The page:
St. John's Wort


St. John’s wort is a popular herbal medication and extract derived from the plant Hypericum perforatum which is purported to be beneficial in depression and anxiety. 

Common Names: St. John’s wort, hypericum, Klamath weed, goatweed

Latin Names: Hypericum perforatum

Background and history

  • St. John’s wort is a plant with yellow flowers that has been used in traditional European medicine as far back as the ancient Greeks. The name St. John’s wort apparently refers to John the Baptist, as the plant blooms around the time of the feast of St. John the Baptist in late June.
  • Historically, St. John’s wort has been used for a variety of conditions, including kidney and lung ailments, insomnia, and depression, and to aid wound healing.
  • Currently, St. John’s wort is most often used as a dietary supplement for depression. People also use it as a dietary supplement for other conditions, including menopausal symptoms, attention-deficit hyperactivity disorder (ADHD), and obsessive-compulsive disorder. It is used topically for wound healing.
  • The flowering tops of St. John’s wort are used to prepare teas, tablets, capsules, and liquid extracts. Topical preparations are also available.

Liver safety of St. John's Wort

St. John’s wort has not been implicated convincingly in cases of clinically apparent, acute liver injury, although it may increase the hepatotoxicity of other agents by herb-drug interactions that alter drug metabolism.  

Mechanism of action of St. John's Wort

St. John’s wort is an extract prepared from the flowers and leaves of a flowering plant native to Europe commonly known as St. John’s wort, Tipton’s weed or chase-devil (Hypericum perforatum).  St. John’s wort is a yellow flowering perennial herb indigenous to Europe that has been introduced elsewhere.  Its name refers to the Saint’s day on which it is typically harvested – June 24th. 

Western St. John's-Wort (Hypericum formosum) on Kaien Island, British Columbia, Canada
Western St. John's-Wort (Hypericum formosum) on Kaien Island, British Columbia, Canada

Clinical use of St. John's Wort

The genus name Hypericum means “above the picture” in reference to its use to ward off evil by hanging the plant over a religious picture or icon.  St. John’s wort is an invasive weed in many countries where it has been introduced, where it can be toxic to livestock.  St. John’s wort has been used widely as an herbal treatment for depression.  It is available as an over-the-counter herbal in the United States, but in other countries is actively prescribed for mild-to-moderate depression. 

Active ingredients

Extracts of St. John’s wort contain many polyphenols, including flavonoids (rutin, hyperoside, isoquercetin, quercitrin, quercetin and others), phenolic acids, naphthodianthrones (hypericin, pseudohypericin, protohypericin and others), and phloroglucinols (hyperforin, adhyperforin).  The active principle responsible for the antidepressant effects of St. John’s wort is not known, the most likely candidates being hypericin, pseudohypericin and hyperforin. 


In controlled trials, St. John’s wort has shown evidence of an antidepressant effect in patients with mild to moderate depression.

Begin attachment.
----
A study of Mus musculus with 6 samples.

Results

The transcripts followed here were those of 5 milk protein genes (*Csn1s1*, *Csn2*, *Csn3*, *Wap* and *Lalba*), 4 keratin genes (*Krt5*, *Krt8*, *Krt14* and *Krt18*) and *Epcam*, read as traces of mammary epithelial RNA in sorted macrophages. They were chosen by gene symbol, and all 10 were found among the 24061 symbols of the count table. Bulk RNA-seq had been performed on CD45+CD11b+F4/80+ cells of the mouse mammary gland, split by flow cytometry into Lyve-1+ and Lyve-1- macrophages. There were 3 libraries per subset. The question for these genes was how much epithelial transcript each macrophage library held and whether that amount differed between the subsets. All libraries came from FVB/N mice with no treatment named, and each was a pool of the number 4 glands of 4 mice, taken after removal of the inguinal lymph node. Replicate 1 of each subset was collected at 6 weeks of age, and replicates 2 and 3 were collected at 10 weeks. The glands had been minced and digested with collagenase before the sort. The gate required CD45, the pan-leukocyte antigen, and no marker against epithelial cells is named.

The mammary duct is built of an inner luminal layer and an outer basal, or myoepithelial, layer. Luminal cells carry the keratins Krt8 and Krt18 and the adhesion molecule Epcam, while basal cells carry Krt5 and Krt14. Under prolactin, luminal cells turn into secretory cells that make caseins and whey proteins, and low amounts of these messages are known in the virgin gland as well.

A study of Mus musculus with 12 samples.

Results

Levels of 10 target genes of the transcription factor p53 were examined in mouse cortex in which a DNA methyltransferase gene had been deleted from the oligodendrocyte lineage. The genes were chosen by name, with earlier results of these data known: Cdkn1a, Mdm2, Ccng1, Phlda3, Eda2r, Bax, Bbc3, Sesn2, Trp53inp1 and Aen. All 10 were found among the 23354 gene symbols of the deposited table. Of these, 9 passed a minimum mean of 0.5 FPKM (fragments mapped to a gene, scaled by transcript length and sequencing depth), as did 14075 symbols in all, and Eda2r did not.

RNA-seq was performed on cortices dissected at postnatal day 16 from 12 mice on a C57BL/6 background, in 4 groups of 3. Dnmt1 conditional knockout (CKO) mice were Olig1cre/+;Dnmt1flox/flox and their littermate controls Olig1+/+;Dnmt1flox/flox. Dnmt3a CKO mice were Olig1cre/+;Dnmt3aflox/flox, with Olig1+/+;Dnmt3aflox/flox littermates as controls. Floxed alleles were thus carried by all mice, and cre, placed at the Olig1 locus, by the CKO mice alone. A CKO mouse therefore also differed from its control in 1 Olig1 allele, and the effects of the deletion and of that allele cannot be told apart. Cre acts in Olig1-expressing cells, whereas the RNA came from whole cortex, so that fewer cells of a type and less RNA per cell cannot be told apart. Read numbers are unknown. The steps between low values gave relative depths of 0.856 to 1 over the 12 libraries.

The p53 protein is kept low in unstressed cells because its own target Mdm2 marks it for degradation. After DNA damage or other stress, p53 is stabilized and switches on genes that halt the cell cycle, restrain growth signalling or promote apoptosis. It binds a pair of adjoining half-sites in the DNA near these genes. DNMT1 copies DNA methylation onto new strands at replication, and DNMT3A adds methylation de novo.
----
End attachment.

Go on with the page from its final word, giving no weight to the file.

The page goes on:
Side effects of St. John's Wort

Side effects can occur with St. John’s wort including gastrointestinal upset, dizziness, confusion, fatigue, anxiety and photosensitivity.  Importantly, St. John’s wort has effects on the cytochrome P450 system (induction of CYP 3A4 and 2C9) as well as the major drug transport protein – P-glycoprotein.  As a result, St. John’s wort has major drug interactions, particularly with birth control pills, transplant rejection agents, antiretroviral agents, digoxin, platelet inhibitors, anticoagulants and psychotropic agents.  Caution should be taken and specific interactions sought when using St. John’s wort with other medications.

How Much Do We Know?

  • There has been extensive research on St. John’s wort, especially on its use for depression and on its interactions with medications. It has been clearly shown that St. John’s wort can interact in dangerous, sometimes life-threatening ways with a variety of medicines.

What Have We Learned?

  • The results of studies on the effectiveness of St. John’s wort for depression are mixed. For more information, see the NCCIH fact sheet St. John’s Wort and Depression.
  • St. John’s wort has also been studied for conditions other than depression. For some, such as ADHD, irritable bowel syndrome, and quitting smoking, current evidence indicates that St. John’s wort is not helpful. For others, such as menopausal symptoms, premenstrual syndrome, and obsessive-compulsive disorder, the evidence is inconclusive.

Drug interactions and effects

  • St. John’s wort can weaken the effects of many medicines, including crucially important medicines such as
    • Antidepressants
    • Birth control pills
    • Cyclosporine, which prevents the body from rejecting transplanted organs
    • Digoxin, a heart medication
    • Some HIV drugs including indinavir
    • Some cancer medications including irinotecan
    • Warfarin, an anticoagulant (blood thinner).
  • Taking St. John’s wort with certain antidepressants or other drugs that affect serotonin, a substance produced by nerve cells, may lead to increased serotonin-related side effects, which may be potentially serious.
  • St. John’s wort may cause increased sensitivity to sunlight. Other side effects can include anxiety, dry mouth, dizziness, gastrointestinal symptoms, fatigue, headache, or sexual dysfunction.